Greek debt crisis weighs on Gulf bond issuers

04 July 2011

Two bond issues delayed because of pricing concerns

Two companies from the UAE have put planned bond issues on hold as a result of a spike in the price caused by worries among investors about the Greek sovereign debt crisis.

Five-year US interest rate swaps spiked to 2.038 per cent on 4 July, after hitting a low for the year-to-date of 1.77 per cent on 27 June. Although rates have fallen slightly since, they are still elevated, making bond issuers reconsider plans to tap the markets.

Dubai’s Majid al-Futtaim Group (MAF) said in early July that it is putting its plans to issue a bond on hold because it felt pricing would be too high. Abu Dhabi’s Dolphin Energy has made a similar decision about a week earlier.

Sources close to the deals say the two had hoped that a decision on Greece’s sovereign debt would have been in place by now, allowing them a clearer passage thought the markets. However, international banks have still not settled the terms on which they will participate in the restructuring of the country’s sovereign debt.

Abu Dhabi’s Tourism Development and Investment Company (TDIC) is also meeting bond investors during early July, with a deal expected to be priced in mid-July. With the MAF and Dolphin issues on hold it remains unclear if TDIC will go ahead with its own deal now or wait for better market conditions.

Several issuers had been planning to issue bond before Ramadan starts on 1 August, which is expected to result in a slowdown in deal flow. In addition to TDIC, International Petroleum Investment Corporation (Ipic) is also said to be planning a new issue.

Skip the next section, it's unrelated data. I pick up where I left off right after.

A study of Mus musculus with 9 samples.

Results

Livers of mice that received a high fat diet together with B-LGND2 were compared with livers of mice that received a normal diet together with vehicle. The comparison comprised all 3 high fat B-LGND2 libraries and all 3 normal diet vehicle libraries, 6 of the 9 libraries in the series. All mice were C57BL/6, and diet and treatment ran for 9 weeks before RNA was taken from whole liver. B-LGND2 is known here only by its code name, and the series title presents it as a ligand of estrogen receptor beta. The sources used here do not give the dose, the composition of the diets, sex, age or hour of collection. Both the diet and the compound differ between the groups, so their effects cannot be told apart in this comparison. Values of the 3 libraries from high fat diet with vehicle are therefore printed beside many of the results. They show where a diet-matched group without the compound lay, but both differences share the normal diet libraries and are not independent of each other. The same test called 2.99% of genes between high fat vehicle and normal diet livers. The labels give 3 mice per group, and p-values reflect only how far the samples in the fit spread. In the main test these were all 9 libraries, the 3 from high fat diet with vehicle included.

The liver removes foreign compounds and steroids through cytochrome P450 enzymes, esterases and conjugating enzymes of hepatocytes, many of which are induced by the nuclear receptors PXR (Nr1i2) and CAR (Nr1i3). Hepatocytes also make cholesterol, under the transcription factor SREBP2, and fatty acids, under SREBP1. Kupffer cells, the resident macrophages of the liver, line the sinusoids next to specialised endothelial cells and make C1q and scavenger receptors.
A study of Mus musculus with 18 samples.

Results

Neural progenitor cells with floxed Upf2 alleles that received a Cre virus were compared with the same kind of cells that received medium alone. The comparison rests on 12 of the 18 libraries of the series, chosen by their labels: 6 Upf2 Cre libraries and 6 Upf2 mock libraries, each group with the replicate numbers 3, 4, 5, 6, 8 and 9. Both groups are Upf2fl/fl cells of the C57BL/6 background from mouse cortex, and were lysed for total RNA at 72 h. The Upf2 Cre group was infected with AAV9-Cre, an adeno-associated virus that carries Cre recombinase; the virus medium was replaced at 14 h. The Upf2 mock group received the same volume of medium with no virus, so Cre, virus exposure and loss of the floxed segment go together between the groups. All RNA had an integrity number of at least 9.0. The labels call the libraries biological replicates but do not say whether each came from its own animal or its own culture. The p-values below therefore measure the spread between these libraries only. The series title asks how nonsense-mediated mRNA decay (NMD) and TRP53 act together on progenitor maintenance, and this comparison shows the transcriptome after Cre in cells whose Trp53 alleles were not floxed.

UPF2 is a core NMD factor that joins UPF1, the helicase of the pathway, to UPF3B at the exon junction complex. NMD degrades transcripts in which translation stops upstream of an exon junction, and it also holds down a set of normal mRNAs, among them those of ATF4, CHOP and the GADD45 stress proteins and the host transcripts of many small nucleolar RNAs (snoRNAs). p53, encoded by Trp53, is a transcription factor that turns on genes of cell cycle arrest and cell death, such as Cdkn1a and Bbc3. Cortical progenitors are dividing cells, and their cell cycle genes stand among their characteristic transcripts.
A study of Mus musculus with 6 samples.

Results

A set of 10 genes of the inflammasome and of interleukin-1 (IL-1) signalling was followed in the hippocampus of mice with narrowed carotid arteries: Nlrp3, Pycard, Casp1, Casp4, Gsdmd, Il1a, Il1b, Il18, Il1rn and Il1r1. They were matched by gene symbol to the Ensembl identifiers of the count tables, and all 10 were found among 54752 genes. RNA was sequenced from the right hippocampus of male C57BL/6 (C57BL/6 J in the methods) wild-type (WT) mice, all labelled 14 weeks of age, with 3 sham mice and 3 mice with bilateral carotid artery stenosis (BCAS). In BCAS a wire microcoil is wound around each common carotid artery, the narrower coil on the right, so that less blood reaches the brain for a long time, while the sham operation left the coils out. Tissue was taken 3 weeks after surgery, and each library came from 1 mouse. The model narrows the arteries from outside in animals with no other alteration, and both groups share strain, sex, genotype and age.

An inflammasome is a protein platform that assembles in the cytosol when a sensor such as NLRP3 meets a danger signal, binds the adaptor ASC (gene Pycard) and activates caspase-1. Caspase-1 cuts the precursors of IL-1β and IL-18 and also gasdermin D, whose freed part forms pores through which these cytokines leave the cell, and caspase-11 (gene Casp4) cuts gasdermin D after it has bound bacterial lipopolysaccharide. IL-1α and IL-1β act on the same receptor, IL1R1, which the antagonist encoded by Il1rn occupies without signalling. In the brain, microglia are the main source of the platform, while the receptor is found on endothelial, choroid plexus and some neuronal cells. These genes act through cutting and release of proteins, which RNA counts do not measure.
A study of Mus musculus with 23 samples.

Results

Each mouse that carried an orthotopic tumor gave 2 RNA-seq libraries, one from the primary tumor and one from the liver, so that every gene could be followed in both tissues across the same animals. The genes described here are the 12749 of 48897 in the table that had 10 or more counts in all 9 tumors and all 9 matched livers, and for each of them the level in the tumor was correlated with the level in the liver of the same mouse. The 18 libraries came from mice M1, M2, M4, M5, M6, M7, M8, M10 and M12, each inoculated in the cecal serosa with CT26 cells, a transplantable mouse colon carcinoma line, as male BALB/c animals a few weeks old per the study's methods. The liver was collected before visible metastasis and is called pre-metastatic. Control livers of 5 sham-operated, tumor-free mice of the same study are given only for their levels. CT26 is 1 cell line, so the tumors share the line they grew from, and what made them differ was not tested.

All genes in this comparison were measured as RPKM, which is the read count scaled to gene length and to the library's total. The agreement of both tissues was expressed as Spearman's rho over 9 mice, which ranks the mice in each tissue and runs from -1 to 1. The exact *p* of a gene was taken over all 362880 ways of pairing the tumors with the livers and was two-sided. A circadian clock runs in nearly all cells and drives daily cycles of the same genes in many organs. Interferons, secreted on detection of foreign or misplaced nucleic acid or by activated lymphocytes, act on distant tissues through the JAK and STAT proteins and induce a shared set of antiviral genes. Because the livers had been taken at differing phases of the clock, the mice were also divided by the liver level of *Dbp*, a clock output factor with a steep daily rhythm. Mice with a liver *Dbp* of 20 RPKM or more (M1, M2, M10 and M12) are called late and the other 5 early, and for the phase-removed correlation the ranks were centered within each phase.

“I would be surprised if any other bond issues are done before the summer,” says one Dubai-based bond trader. “Investors had been exiting from deals to get ready for the new issuance in the pipeline, but we are now seeing them going back into the secondary market rather than wait for primary issuance.”

It is not just Greek debt worries that are weighing on new deals. Companies are worried that the market right now is not going to give good pricing on new deals. “The Greek issue has a role, but it is perhaps overdone,” says a Dubai based banker, who advises companies on bond issues. “There are a lot of factors at work in the bond markets that can make it just not that attractive to issue now if you can afford to wait.”

Issuers like Dolphin and MAF, who want to use the bond markets to refinance existing debt, are able to wait until conditions improve. Not everyone will have that option.